Cell network helping first responders communicate in emergencies

Local News

Phones have become lifelines.

When we pick them up, we expect them to work.

Not only to make phone calls but to stay connected to the internet and the rest of the world

Richmond’s Verizon switching facility says it handles about 10 million phone calls each day.

That’s not to mention handling roughly 500 terabytes of data in the same period of time.

8News got an inside look at the Richmond facility where the company says half of Virginia’s Verizon customers have data flowing through.

“If you are making a call on your Verizon Wireless phone — a 4G LTE phone call on your Verizon wireless phone — it goes through this facility,” said Kevin King, Director of Corporate Communications for Verizon.

The location of the facility in Richmond is kept private for safety and data security reasons.

But Verizon says along with keeping customers connected, it also keeps first responders connected whenever there’s an emergency.

“I’ve often heard it said that during a disaster, first responders become first communicators,” said King. “That’s the role we’re trying to play.”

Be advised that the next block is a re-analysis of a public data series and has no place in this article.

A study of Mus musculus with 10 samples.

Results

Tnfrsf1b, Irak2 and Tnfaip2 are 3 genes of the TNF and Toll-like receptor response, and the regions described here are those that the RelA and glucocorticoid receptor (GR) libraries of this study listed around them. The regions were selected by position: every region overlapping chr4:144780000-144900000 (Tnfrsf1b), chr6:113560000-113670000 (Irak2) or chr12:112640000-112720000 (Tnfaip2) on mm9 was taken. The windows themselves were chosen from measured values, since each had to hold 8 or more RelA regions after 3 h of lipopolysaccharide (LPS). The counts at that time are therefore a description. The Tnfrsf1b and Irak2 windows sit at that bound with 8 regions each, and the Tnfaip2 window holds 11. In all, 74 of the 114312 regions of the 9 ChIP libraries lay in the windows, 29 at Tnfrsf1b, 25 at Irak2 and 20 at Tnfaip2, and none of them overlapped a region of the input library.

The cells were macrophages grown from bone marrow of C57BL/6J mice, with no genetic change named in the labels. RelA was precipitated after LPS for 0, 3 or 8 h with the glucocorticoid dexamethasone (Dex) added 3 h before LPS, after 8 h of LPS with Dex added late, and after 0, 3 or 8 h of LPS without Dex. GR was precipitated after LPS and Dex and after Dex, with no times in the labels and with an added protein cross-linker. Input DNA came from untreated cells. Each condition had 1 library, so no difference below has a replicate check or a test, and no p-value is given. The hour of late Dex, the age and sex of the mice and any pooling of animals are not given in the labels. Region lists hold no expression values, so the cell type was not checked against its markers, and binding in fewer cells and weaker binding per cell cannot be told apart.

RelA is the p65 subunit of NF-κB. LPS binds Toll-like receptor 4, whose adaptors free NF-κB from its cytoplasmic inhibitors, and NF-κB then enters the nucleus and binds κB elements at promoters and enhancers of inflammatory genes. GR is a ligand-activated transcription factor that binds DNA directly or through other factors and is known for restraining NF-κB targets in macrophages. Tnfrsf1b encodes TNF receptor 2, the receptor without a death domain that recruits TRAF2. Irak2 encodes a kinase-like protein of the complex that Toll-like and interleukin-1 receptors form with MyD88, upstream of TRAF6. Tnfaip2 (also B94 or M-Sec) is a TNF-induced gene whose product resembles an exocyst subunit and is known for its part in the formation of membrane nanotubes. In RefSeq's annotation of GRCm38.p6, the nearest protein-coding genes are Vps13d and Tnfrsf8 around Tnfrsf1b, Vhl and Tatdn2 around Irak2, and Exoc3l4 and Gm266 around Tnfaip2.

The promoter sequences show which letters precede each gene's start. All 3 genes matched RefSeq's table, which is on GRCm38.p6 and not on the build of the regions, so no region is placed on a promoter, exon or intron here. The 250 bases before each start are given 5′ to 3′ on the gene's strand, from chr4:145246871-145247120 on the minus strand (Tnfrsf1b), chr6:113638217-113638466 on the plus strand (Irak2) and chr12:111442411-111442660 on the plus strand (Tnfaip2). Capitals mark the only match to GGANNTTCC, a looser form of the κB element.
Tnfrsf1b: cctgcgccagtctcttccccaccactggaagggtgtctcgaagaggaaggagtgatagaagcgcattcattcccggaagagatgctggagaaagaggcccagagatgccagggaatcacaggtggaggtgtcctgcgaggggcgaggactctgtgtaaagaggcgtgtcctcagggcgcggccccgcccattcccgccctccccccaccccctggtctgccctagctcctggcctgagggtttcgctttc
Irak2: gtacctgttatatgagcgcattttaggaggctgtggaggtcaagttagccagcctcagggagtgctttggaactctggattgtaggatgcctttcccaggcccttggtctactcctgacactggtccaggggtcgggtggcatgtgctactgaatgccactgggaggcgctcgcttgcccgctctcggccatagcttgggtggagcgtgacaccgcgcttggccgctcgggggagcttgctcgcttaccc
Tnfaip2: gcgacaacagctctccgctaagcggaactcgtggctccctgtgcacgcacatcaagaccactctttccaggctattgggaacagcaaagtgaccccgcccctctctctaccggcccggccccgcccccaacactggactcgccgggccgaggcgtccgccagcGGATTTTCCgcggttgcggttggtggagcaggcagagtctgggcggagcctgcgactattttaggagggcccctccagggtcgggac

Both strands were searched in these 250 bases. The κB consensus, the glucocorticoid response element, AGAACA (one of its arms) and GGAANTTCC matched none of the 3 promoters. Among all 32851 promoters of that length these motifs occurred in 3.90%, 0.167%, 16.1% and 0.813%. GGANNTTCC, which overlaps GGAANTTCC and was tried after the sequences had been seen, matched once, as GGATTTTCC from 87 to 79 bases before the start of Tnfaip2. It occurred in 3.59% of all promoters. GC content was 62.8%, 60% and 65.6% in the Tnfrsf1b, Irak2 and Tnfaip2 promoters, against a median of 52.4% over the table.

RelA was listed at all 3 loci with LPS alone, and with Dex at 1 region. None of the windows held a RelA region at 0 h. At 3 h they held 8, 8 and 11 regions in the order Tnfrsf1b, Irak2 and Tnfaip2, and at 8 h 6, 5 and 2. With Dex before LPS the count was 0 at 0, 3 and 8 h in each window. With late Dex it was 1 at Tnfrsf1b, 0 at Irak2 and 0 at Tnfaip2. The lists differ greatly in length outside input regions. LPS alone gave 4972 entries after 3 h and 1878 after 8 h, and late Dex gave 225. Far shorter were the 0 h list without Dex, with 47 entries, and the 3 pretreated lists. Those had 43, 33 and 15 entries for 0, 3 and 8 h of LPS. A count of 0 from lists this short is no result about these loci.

Emergency management experts help Verizon understand how crucial it is for first responders to not only communicate with the public but also with each other. 

“Its absolutely central that police, fire, EMS are able to communicate during any kind of an incident,” said Dr. Jerome Hauer, an emergency response expert. “Lives depend on it.”

Hauer led the response to Hurricane Sandy for the State of New York. He now consults with Verizon to help the cell carrier work more efficiently with its law enforcement partners.

Last month brought a new development for Verizon in its efforts to improve communications during emergencies and crisis. 

The cell carrier established the “Public Safety Private Core.”

Its a separate part of the 4G LTE network solely for first responders to connect to.

“In the rare event that our commercial network gets congested because of a lot of people in a particular area or a big event, public safety has its own part of our network where their data communications will remain untouched,” said King.

Verizon was unable to tell 8News which agencies in Central Virginia use its network, or even the new, ‘Public Safety Private Core.’

Both Chesterfield Police and Henrico Police tell 8News they operate on the Verizon cell network, though it is unclear if these agencies have migrated to the new sector of Verizon’s service.

Richmond Police declined to share which cell provider it uses, citing public safety reasons.

Verizon says this new portion of the network is something Verizon public safety customers must choose to migrate to.

More information about the network can be found here.

Find 8News on TwitterFacebook, and Instagram; send your news tips to iReport8@wric.com.